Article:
Hickorys King Duce cuts with Bill Freeman in the semi-finals of the 1986 NCHA Summer Cutting Spectacular.

Hickorys King Duce Lived Two Lifetimes Of Memories

When Missy Tuttle purchased Hickorys King Duce, she wasn’t bargaining for 25 years of memories with the bay gelding. When “Snake” passed away on July 2 he was 37 years old and had multiple lifetimes of love, attention and admiration to his name. 

Snake was laid to rest on Tuttle’s Fort Collins, Colorado, property after being humanely euthanized. He had sustained a fracture in his pelvis due to lowered bone density associated with old age. 

Snake was bred by Weldon McConnell of Dublin, Texas. Born in 1982, Snake was bred to cut cows. He was the son of Equi-Stat Elite $21 million sire Doc’s Hickory and out of Miss Royal Duce (by Royal Royale). 

Trained and ridden by Equi-Stat Elite $5 million rider Bill Freeman, Snake earned more than $130,000 in the cutting pen. The tall, narrow horse found most of his success in 1986, when Freeman made the finals at the Gold & Silver Cutting, the National Cutting Horse Association [NCHA] Super Stakes Derby Open and the NCHA Summer Cutting Spectacular Derby Open. 

Snake was sold and ridden in the non-pro division with varied success before coming to reside with David Jenkins in the Texas town of Corsicana, 55 miles south of Dallas, in 1995. Jenkins finished out Snake’s Equi-Stat earnings of $139,328.

Across the country, Tuttle was looking for a step-up horse to ride in weekend cuttings.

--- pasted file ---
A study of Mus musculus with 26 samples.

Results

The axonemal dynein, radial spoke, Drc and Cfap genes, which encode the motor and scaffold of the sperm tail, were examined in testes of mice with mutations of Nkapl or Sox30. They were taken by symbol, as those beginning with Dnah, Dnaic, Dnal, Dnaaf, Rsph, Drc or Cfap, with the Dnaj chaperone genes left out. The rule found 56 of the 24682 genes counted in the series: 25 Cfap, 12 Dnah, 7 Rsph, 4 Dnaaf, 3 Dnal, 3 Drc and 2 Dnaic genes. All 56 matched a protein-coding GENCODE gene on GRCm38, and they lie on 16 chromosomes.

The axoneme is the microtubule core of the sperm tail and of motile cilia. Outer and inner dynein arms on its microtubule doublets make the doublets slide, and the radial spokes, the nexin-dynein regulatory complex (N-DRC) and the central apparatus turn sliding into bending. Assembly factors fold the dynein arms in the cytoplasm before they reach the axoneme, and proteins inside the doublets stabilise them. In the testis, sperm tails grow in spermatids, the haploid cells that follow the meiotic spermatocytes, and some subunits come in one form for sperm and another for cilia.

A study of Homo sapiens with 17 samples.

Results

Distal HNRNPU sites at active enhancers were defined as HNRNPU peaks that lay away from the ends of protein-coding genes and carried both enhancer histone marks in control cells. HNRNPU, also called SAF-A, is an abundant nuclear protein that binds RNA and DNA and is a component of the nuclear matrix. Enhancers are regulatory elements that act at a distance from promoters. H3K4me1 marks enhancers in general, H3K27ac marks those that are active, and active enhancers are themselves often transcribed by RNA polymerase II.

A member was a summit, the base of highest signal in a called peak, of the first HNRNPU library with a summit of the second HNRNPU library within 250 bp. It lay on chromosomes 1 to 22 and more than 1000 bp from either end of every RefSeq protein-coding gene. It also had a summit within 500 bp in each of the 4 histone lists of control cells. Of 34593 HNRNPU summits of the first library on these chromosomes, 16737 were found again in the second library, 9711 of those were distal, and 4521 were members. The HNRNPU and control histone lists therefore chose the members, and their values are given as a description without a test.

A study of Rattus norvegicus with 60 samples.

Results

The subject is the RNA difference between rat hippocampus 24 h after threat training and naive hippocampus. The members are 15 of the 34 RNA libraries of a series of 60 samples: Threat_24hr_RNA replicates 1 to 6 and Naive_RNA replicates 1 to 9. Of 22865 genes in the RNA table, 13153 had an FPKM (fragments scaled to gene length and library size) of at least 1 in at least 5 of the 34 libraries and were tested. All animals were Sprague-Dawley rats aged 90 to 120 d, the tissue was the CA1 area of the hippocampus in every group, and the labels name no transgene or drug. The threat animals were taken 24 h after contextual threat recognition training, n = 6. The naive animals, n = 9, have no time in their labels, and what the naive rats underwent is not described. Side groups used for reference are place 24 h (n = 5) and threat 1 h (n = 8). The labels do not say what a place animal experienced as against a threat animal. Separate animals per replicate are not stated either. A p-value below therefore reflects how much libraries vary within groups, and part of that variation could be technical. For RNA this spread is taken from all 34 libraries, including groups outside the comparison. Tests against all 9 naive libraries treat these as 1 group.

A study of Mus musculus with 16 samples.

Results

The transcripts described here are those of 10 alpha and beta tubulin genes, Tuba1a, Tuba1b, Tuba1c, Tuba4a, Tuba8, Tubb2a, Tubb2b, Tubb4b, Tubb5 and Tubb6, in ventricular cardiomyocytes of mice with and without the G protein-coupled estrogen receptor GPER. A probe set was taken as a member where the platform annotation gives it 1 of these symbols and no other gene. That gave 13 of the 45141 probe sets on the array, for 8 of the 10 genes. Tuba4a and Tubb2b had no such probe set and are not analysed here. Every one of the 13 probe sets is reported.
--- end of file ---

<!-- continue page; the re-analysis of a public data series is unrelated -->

“I just got [hooked on cutting] and I wasn’t able to afford a trainer or anything like that really, plus I’m pretty pig-headed and I wanted to do as much as I could myself,” Tuttle said. 

Tuttle caught wind of a capable cutter for sale — Snake — but had limited information and he was sold. Through a series of events that can only be credited to fate, Snake became available again and Tuttle was able to purchase her dream horse. Snake changed hands for the last time in his life. 

Over 25 years of life spent together, Tuttle and Snake competed in local weekend cuttings, and he delighted her with his intelligence and athleticism. 

“Snake was a knot wizard. He was able to untie anything and I had to create my own ‘Snakey’ [knot],” Tuttle recalled. “Of course, he would never go anywhere [once untied].”

Although Tuttle’s pharmaceutical career along with some health issues kept her out of the saddle in Snake’s later years, she soaked up every minute she could with the wise horse. 

“Now he’s in heaven and now I have to ride him up there and we’ll get to cut like I wanted to cut [on earth] with him,” Tuttle concluded. “It was an honor to own him. Just an honor to saddle him.”